CHARLESTON, W.Va. — Gov. Earl Ray Tomblin’s brother — who pleaded guilty to a drug charge — asked a judge this week to give him an alternative sentence, such as home confinement, that would allow him to continue treatment.
Carl Tomblin, 50, pleaded guilty in March in federal court in Charleston to selling oxymorphone to a confidential informant. His sentencing is set for June 25.
His attorney, Robert Kuenzel, in a sentencing memorandum filed Wednesday, asked U.S. District Court Judge John Copenhaver to consider an alternative sentence, because Carl Tomblin accepted responsibility to federal prosecutors and doesn’t pose a safety risk to the public.
The memorandum asks Copenhaver to put Carl Tomblin in a sentencing advisory guideline range of eight to 14 months, which would permit an alternative sentence. Carl Tomblin is undergoing drug treatment and taking Suboxone, a prescribed medication for opioid dependence.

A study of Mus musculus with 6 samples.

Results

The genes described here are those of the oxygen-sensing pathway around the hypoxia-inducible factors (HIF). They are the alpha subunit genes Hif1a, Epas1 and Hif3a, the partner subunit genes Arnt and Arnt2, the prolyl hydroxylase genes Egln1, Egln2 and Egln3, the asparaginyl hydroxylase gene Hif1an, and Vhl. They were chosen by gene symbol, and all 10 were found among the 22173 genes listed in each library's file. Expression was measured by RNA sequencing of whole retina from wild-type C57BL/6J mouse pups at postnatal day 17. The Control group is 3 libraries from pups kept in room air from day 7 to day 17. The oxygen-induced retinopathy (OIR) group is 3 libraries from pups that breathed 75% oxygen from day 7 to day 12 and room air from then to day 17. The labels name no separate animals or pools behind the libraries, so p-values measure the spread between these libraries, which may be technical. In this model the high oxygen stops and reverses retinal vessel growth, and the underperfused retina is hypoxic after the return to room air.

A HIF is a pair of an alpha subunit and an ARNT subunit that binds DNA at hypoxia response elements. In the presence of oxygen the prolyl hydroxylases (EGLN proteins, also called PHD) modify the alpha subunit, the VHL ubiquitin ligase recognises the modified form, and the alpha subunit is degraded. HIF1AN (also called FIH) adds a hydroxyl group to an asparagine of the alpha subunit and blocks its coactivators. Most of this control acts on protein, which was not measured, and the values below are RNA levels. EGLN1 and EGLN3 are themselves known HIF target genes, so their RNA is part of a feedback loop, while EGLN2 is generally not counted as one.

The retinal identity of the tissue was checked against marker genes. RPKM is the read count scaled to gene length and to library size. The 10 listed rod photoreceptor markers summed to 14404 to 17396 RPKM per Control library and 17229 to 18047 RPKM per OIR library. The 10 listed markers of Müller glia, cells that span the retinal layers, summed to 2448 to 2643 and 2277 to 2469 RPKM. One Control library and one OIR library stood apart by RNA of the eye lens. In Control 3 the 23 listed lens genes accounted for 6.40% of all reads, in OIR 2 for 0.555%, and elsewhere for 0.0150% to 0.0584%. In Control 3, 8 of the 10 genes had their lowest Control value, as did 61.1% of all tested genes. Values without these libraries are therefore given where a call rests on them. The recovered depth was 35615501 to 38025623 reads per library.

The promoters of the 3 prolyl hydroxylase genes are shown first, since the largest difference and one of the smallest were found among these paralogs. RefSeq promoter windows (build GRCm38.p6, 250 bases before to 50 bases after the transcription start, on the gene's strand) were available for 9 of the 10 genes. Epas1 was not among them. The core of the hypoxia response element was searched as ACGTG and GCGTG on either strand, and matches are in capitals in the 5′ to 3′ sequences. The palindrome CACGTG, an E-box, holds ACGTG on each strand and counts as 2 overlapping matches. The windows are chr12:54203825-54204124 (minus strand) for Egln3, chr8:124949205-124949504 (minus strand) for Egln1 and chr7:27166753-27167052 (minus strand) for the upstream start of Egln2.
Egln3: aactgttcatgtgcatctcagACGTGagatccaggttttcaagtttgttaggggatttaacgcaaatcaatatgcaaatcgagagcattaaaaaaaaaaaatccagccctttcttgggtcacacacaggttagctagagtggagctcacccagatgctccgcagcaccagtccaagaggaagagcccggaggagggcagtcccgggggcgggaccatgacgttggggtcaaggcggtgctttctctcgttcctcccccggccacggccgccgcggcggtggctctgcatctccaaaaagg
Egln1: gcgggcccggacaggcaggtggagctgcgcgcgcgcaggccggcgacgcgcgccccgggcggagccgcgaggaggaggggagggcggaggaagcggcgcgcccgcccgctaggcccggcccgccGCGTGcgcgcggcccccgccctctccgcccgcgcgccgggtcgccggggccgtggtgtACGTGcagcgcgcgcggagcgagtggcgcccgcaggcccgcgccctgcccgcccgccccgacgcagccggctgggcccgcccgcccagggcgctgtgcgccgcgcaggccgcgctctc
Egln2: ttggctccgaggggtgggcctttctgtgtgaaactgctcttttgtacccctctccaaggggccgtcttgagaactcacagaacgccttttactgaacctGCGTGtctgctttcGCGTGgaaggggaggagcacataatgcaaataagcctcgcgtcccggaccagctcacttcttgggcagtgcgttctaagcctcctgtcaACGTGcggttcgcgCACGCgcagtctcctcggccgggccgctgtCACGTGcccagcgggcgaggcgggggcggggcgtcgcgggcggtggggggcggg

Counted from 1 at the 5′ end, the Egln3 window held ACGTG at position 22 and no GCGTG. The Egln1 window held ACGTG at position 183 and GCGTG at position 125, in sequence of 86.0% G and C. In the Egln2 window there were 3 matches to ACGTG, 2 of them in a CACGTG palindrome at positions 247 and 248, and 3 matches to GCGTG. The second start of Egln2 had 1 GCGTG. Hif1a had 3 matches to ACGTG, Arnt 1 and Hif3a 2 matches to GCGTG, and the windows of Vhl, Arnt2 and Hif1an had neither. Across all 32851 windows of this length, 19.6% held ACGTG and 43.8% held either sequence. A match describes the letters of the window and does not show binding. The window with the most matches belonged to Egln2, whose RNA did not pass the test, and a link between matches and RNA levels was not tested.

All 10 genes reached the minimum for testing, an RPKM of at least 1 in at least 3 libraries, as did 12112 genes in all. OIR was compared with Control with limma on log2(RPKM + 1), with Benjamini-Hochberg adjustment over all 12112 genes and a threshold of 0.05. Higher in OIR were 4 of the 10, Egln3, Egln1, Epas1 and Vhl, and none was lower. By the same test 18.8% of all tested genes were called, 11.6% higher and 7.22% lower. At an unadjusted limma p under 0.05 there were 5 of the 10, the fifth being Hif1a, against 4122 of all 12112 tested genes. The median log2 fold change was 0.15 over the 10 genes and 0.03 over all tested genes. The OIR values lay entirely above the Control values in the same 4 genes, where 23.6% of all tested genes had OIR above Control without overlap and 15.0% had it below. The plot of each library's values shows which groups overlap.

Carl Tomblin admitted that between the spring of 2013 to around January 2014, he distributed between 30 to 40 oxymorphone pills.
“Had Mr. Tomblin not cooperated with law enforcement and asserted his right to counsel, the government would be in a position of attributing only 5 pills to Mr. Tomblin,” Kuenzel writes. On several occasions in December and January, Carl Tomblin sold a pill to confidential informants, prosecutors have said.
In October 2002 in Logan County Magistrate Court, Carl Tomblin pleaded guilty to possession of marijuana. His attorney has asked the judge to reduce the time that should be tacked on to his sentence for having a prior criminal record because the charge is more than 10 years old.
He also admitted to a misdemeanor property theft charge in Tennessee. He was ordered to pay fines and court costs for that charge.